Susan King is flying with her father 500 feet above Fauquier County farmland. On his thumbs-up signal, she climbs from the open-air cockpit onto the wing of the 1941 biplane. Fighting hurricane-force winds, she wraps her ankles around a strut and hangs off backward from her knees, waving to the crowd gathered on the ground below.

For the grand finale, King stands on top of the cockpit while her father loops the plane upside-down.

"It's the greatest ride in the world. This is the ultimate," the 37-year-old legal secretary said after landing. "But it takes more guts than most people have."

In fact, the crowd of 60 that watched the wing-walking last Sunday at the Flying Circus Air Show outside Warrenton had other assessments. "I think she's crazy," said her son, Mike King, who was in the crowd. At 17 he is already a pilot, but he said he wouldn't consider riding on airplane wings as a hobby.

"I think that's dangerous," said T.S. Lloyd of Fredericksburg. "She's plenty bold and skilled."

Freckle-faced Nichole Bowling, 11, of Stafford, thought carefully before concluding, "I haven't seen very many people do that."

The wing-walking stunt is one of about a dozen acts put on weekly by the gregarious members of the Flying Circus Air Show in old airplanes that have been refurbished and painted bright colors. The old-time aviation enthusiasts gather each Sunday from May through October on a makeshift airfield near Bealeton along Rte. 644 to reenact World War I dogfights, early air mail pickups, and endless flyover formations to the sound of patriotic tunes.

Air show regulars estimate that only 20 others around the nation practice wing-walking. And King admitted that it takes an unusual blend of strength and nerve to perform in the 150 mph winds.

King said she first got the bug to be a wing-walker six years ago when she saw another woman do the act at the Flying Circus. "I thought, 'If she can do it, I can.' And I started begging my father to let my try."

She recalled that John King, 62, a 20-year veteran of Navy flying and former flight school instructor for United Airlines, said, "Not on your life will my daughter be out on the wing of a plane."

But she persisted, and proved herself by learning to sky dive. "If she has her mind set on something, she'll go to any ends to attain it," John King said.

Starting last summer, Susan King, who is 5 feet 5 inches tall and weighs 125 pounds, began building her strength at a local spa and taking lessons from another wing-walker at the Flying Circus. Ever since, on alternating weekends during warm weather months, she and her father perform in what they believe is the only father-daughter wing-walking team.

"We weren't extremely close before," said King of her father. "Now it's a feeling between us -- I'm counting on him to fly safe and he's counting on me to be careful." She has never tried the stunts with anyone else behind the controls, and she said, "I don't know that I'd want to do it if my dad wasn't flying with me."

Susan King likens the wing-walking moves to mountain climbing, with the key being to take one step at a time. "I'm always frightened," she said, adding that half her fear is from shyness. "If you're not scared, you're not safe. I don't feel or think anything else when I'm up there."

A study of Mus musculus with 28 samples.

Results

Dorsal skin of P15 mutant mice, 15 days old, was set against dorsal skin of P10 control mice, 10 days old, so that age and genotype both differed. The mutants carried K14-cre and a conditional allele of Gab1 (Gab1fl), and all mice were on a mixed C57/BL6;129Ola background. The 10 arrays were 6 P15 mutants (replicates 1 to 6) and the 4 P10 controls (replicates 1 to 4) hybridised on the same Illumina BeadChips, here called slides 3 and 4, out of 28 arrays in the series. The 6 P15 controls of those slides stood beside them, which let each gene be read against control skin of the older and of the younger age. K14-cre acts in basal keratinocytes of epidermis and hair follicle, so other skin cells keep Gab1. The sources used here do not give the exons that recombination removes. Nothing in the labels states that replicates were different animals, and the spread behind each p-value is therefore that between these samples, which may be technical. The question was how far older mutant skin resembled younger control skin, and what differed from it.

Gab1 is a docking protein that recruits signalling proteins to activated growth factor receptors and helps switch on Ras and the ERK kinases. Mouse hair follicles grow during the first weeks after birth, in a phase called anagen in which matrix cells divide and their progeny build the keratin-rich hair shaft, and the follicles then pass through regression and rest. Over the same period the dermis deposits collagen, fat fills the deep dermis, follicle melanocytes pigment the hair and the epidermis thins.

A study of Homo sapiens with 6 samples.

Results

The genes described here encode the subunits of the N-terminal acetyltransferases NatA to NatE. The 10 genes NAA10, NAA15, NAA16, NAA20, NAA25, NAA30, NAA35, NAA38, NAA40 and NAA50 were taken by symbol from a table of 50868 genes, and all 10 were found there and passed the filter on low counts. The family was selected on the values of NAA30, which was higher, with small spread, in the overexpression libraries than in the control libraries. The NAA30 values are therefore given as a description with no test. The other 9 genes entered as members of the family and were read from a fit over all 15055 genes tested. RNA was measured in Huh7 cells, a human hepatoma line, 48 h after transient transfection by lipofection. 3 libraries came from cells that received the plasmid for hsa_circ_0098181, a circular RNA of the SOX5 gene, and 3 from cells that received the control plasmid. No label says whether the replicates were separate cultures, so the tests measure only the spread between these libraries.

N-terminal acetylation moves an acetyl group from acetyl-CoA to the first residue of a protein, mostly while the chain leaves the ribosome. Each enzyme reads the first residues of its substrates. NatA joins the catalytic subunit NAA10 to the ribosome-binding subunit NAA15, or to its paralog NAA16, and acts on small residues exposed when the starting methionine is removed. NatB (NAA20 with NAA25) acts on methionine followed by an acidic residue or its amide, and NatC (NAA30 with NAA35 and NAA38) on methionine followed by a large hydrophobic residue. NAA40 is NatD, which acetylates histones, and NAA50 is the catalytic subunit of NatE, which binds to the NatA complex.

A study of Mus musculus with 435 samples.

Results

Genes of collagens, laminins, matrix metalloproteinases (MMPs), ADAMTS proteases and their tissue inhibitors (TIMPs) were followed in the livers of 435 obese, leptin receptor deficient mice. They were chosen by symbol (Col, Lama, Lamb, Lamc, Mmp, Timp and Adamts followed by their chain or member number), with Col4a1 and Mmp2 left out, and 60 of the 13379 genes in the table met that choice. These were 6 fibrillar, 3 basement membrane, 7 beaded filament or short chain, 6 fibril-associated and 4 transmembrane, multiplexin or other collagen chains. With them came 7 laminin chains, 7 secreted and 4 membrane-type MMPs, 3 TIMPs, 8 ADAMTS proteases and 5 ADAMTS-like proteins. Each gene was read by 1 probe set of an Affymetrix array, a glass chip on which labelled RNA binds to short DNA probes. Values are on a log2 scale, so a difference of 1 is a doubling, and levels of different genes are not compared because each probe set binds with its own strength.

After she first forces her foot out of the open cockpit, King said, she grabs onto the wire cables that run between the biplane's wings and takes six steps toward the end of the wing.

King's first trick is called "skin the cat." Out on the wing's end, she sits down, straps a safety rope around her waist, wraps her ankles around a strut and bends backward to hang from her knees off the wing. Then, to make it look easy, she smiles and waves to the crowd. With a simple tuck of her chin into her chest, the wind against the back of King's neck lifts her in a quick sit-up, then stands and walks back to the center of the plane.

For the last stunt, King climbs without the aid of a safety wire to the top of the plane and straps herself to a vertical brace, tucking her toes under a horizontal bar. Then her father puts the plane through a full loop, complete with a smoke-puff trail, while she stands like a stick atop it.

The King team makes one more low-flying pass to hear the yells and applause from the audience, then lands. After she pops out of the plane, Susan King is approached by a small mob of autograph seekers, while others simply stand in silent amazement at the thought of this mother and secretary taking to the skies on Sunday afternoons.

Susan King gets $50 per act -- high pay compared to the $10 each the ground crew gets, but low for the element of risk. Rides are available, too, for about $25 per person.

Each week, the team metts a rundown hangar for a 2 p.m. briefing before the show. Donning khaki outfits and knee-high leather boots, and clutching caps with earflaps and goggles, their spirits run high.

John King contrasted plush jet flights with the Flying Circus' brand of barnstorming. "Here, people enjoy the opposite of ease and comfort. They like the wind in their face, the low, steep turns."

As they prepare, ringleader C.W. (Tex) Goppert reminds Susan and John King and the others not to get carried away by the fun. "Keep your minds on what you're doing, keep your eye on the weather," the mustachioed man said, "and above all else, don't do anything dumb."